John Libbey Eurotext

Epileptic Disorders

The Educational Journal of the

Can ACTH therapy improve the long-term outcome of drug-resistant frontal lobe epilepsy? Volume 16, issue 2, June 2014

Figures

  • Figure 1

Tables

Authors
1 Child Neurology Unit, IRCCS (Istituto delle Scienze Neurologiche di Bologna), Bellaria Hospital, Bologna
2 Department of Paediatrics, University of Chieti, Chieti
3 Department of Paediatrics, Arcispedale S. Anna-University of Ferrara, Ferrara
4 Department of Paediatrics, University of Perugia, Perugia, Italy
* Correspondence: Alberto Verrotti Department of Pediatrics, University of Perugia, Loc. S. Andrea Fratte, 06134, Perugia, PG, Italy
  • Key words: ACTH, antiepileptic drug, epilepsy, frontal lobe epilepsy
  • DOI : 10.1684/epd.2014.0656
  • Page(s) : 185-90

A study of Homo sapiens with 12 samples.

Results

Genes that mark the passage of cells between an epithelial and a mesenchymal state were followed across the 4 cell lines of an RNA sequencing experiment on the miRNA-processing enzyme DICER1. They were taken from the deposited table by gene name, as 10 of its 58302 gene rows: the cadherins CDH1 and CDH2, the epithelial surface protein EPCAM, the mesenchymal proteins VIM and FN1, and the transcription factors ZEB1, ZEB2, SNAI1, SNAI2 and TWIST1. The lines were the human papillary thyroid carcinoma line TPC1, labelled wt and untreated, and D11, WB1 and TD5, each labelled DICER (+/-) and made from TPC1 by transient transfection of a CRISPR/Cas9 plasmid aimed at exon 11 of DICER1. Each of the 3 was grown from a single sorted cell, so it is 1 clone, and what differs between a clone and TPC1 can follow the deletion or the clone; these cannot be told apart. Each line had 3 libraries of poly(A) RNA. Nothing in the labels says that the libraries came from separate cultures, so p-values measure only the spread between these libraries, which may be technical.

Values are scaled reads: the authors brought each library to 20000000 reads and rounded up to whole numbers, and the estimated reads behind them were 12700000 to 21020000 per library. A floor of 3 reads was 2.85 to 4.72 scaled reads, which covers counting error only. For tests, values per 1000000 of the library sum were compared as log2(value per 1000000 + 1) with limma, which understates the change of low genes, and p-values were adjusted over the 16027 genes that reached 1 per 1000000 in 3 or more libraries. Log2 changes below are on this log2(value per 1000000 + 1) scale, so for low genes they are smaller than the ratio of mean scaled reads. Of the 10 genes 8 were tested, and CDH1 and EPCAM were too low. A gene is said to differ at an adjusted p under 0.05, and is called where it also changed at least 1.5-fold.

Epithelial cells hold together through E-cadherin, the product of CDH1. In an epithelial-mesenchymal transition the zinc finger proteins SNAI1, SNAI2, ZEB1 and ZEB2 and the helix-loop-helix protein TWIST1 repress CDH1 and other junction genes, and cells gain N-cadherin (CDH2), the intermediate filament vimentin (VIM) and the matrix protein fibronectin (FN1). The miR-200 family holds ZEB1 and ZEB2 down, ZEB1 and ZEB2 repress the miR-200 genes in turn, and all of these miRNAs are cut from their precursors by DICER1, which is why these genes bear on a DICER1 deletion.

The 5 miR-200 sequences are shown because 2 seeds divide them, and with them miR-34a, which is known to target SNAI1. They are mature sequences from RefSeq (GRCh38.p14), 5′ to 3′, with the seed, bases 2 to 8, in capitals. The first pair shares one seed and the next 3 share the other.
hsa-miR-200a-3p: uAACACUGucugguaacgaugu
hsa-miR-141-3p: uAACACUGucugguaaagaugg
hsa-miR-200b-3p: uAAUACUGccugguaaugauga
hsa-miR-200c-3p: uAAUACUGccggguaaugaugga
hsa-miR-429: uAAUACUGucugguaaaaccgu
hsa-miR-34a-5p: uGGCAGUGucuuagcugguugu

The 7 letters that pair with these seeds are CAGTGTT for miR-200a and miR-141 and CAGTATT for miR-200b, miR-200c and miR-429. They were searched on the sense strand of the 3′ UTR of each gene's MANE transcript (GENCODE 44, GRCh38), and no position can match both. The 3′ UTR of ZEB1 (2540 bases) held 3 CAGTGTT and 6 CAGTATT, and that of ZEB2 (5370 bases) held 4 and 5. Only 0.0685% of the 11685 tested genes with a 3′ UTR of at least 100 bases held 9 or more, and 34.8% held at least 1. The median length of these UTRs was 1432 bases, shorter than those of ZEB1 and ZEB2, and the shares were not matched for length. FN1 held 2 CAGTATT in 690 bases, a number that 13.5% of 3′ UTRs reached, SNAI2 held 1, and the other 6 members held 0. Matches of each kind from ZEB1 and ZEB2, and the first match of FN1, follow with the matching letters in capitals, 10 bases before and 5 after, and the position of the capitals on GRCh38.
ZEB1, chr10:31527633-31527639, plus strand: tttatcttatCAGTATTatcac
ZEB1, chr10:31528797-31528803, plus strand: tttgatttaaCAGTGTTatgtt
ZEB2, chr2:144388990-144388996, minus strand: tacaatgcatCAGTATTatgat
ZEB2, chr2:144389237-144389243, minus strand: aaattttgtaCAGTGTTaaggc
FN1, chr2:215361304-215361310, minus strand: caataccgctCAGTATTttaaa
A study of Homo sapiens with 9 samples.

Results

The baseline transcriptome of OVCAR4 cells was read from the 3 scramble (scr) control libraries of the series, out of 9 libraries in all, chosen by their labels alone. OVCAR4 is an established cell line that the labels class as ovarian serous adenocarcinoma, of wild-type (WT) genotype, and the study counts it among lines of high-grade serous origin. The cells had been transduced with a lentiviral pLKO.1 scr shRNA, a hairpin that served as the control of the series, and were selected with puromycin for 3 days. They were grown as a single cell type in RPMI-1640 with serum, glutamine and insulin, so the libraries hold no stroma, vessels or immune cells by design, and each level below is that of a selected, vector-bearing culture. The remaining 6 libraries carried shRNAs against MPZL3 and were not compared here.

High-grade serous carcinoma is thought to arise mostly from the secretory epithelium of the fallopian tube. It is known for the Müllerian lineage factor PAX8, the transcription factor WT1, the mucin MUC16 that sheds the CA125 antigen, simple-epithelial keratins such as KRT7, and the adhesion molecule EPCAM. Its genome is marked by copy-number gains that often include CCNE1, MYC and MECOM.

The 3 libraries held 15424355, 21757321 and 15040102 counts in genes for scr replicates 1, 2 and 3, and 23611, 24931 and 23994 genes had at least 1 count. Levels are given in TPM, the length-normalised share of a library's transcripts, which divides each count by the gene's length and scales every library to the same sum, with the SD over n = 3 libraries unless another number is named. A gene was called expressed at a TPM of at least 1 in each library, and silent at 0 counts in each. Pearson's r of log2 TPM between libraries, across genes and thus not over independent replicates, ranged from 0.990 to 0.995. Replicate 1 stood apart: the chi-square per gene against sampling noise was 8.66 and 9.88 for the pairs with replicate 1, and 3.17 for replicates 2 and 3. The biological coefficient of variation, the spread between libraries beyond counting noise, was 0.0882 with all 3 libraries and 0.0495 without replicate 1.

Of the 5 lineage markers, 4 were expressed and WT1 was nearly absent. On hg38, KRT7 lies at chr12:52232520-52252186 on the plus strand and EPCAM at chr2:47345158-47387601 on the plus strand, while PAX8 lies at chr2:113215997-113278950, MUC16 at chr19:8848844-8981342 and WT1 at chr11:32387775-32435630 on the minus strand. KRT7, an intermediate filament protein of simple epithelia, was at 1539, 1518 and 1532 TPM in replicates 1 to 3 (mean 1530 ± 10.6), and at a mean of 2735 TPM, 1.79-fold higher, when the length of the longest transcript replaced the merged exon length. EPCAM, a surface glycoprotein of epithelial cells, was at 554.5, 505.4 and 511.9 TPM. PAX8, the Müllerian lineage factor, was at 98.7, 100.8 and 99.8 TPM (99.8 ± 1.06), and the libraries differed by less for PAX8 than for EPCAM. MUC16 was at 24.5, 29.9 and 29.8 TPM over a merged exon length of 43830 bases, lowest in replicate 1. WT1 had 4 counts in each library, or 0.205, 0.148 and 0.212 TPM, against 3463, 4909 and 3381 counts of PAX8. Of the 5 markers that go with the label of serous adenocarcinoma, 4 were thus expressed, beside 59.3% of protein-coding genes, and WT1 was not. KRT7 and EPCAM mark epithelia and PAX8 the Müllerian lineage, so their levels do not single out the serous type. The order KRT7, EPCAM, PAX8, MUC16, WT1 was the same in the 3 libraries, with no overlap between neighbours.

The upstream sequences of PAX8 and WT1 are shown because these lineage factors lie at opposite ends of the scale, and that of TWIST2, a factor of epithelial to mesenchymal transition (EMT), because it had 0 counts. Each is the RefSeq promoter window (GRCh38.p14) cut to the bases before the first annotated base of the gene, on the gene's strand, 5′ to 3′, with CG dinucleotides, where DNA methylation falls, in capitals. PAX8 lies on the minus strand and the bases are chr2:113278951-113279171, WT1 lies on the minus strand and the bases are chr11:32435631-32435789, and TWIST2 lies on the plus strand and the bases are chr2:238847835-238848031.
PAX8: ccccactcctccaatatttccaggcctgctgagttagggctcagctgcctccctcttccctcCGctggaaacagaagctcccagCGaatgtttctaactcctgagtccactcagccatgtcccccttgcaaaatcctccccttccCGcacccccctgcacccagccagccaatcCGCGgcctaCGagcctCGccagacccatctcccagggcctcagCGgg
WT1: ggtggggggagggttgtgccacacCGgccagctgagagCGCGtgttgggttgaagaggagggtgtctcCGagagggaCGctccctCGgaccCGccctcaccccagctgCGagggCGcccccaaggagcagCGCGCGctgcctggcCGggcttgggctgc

• Published in: 2014

Frontal lobe epilepsy is a common focal epilepsy in children and is often difficult to treat. Adrenocorticotropic hormone (ACTH) or steroids have been used for patients with several forms of medically intractable epilepsy. We evaluated the short, medium, and long-term evolution of patients with frontal lobe epilepsy and secondary bilateral synchrony on the EEG, who received ACTH treatment. Patients were recruited for an add-on trial during clinical practice, and data was retrospectively analysed. The study group comprised 6 patients treated with ACTH. The effects of ACTH were assessed in the short term (at the end of a 6-week period of ACTH treatment), medium term (at 6 months after the end of treatment), and long term (at 12 months after the end of treatment). At short-term follow-up, ACTH treatment was effective for all types of seizures in 5 of 6 patients and ineffective in 1 patient. All patients who were seizure-free at the end of ACTH treatment maintained an excellent outcome, remaining seizure-free at the end of follow-up. Our study demonstrates that ACTH may represent an effective treatment for frontal lobe epilepsy with secondary bilateral synchrony. Further double-blind prospective studies are required to confirm our initial findings.